Stung by accusations they don’t have a plan, Labour’s rebel MPs have let it be known they could form a breakaway grouping in Parliament and seek to claim the mantle of the official Opposition.
You might view it as either pragmatic politics, or ludicrous self-indulgence, depending on your stance towards Jeremy Corbyn – but what is becoming clear is that the centrists don’t like repeats.
Yes, they suspect this summer could look a lot like last summer, with Corbyn riding to victory over the Labour establishment with a simple anti-austerity message. But the leader’s opponents don’t want and don’t intend for the following few months to follow the pattern of last year’s winter of internal discontent.
They have been jolted into life by the prospect of a Corbyn re-election and the need to provide an effective Opposition. After all, the one thing all sides can agree on is that Labour has not been holding the Government to account effectively in recent months.
The recent emergence of the “semi-split” story – long discussed in the bare offices of demoralised backbenchers in Portcullis House – is a sign MPs are beginning to look to life beyond September 24, when the result of the face-off against Owen Smith is declared.
Last time around, Corbynsceptic MPs seemed to be split into three camps – the “try to make it work” group, characterised by the likes of Smith and Heidi Alexander who took shadow Cabinet jobs; the proactive rebels who were opposed to the leader from the start and began their under-the-radar war immediately; and the demoralised and discombobulated gang who simply had no idea what had hit them.
The divides between the groups have largely evaporated and – with a few exceptions – the main split in the Parliamentary Labour Party (PLP) is now far starker: backbencher or frontbencher; or, to put it in numbers, 172-40.
Corbyn’s legion of opponents don’t need or want several more months to regroup after the leadership election. The leading members of the anti-Corbyn gang want to get going immediately and are exploring the possibility of three major changes: picking their own leader and shadow Cabinet; applying for recognition from the Commons Speaker as the official Opposition; and even trying to claim ownership of the Labour Party name and assets.
If they just pursued one of the items on this wishlist, the impact would be seismic. It would stave off a formal split – which I have argued would be disastrous for both sides – but entrench the divisions to an even more severe degree than we have seen already. As such, there is no guarantee they will go down this route.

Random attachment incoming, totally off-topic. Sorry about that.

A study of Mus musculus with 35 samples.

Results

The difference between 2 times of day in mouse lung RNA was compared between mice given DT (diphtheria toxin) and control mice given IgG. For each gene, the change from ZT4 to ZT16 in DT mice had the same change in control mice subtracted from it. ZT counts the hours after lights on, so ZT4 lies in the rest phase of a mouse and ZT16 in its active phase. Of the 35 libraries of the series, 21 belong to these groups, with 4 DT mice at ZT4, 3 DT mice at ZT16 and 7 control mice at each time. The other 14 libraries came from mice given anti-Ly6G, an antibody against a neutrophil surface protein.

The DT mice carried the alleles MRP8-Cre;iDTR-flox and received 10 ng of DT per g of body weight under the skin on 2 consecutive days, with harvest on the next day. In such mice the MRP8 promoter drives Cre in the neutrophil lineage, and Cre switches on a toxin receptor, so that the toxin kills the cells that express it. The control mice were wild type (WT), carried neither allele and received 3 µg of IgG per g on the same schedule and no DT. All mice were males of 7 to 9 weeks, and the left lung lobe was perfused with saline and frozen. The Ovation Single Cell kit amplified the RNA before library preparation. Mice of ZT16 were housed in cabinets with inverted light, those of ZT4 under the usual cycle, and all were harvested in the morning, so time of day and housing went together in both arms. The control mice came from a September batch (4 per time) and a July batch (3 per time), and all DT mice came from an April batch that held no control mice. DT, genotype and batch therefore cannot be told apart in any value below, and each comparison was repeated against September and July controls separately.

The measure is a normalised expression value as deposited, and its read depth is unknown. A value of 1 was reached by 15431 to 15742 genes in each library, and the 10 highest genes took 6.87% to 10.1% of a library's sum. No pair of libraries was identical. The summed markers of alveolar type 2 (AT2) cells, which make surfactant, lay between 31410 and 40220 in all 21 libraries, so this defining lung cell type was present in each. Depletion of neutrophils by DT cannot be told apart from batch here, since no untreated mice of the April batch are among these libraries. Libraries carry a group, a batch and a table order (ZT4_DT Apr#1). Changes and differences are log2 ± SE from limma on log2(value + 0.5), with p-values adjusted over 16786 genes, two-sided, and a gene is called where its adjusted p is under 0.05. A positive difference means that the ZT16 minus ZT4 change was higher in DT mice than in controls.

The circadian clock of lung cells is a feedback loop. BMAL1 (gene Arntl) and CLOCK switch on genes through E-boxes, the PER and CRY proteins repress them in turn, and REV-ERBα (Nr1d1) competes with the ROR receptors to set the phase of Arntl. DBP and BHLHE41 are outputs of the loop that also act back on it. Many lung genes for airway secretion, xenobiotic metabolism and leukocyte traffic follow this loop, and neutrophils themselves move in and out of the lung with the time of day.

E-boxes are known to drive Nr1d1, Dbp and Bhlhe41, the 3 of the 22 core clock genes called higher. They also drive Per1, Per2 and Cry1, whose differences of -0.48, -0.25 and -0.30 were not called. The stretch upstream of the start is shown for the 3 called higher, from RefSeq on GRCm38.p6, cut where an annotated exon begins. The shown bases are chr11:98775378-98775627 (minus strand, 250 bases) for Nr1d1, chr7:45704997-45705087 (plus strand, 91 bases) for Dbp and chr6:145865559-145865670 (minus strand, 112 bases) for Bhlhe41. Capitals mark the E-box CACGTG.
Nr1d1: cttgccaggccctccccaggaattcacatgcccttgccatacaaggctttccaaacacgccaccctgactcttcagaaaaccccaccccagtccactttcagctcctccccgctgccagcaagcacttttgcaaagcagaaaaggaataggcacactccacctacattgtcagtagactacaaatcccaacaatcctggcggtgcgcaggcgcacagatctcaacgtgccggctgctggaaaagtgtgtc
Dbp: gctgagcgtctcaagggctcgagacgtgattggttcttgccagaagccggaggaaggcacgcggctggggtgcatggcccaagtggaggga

But, if they did, it would prompt a fresh round of chaos with both sides vying not just for the Labour infrastructure but for the right to be heard by a public which has grown weary and sceptical of the infighting of our party.
Corbyn appeared calm when confronted with the prospect of the “semi-split” at the weekend, saying that “if people want to split the Labour party then they’re splitting something that was the creation of pioneers to bring about social justice in Britain”, but do not be fooled by his insouciance. It is understandable that he looked unsurprised when asked about the latest centrist plan to deprive him of his political influence, and even his job, but he must know that a parliamentary breakaway would be fraught with peril for him as well as the splitters.
Among the membership, Corbyn can be assured of backing from around 50 per cent or more. In parliament, where critics lurk on every Commons corridor, one of the few rewards of office has been access to the funding, advisors and party staff that come with the role of leader of the Opposition. But a “semi-split” could throw into doubt the presence of some of these people and the Short money which pays their salaries. As such, it could see Corbyn carry on with a strong mandate from members but a power base further weakened in Westminster.
Of course, as Corbynistas would argue, a centrist attempt to implement this risky plan would represent a slap in the face for the members if and when they vote the veteran left-winger back into post. If you join a political party, you have to abide by the rules, they would suggest. Centrists would argue they have a duty to the country to form a full and functioning frontbench.
We are living in remarkable times, however, in which both sides of the Labour Party divide keep going long after the point at which they would have been expected to give up. Don’t bet on the leadership contest being the end of the matter. Don’t bet on a “semi-split”. Don’t bet against it. Don’t bet on not having this discussion again next summer. But prepare for the fact Labour faces another huge fork in the road after September 24.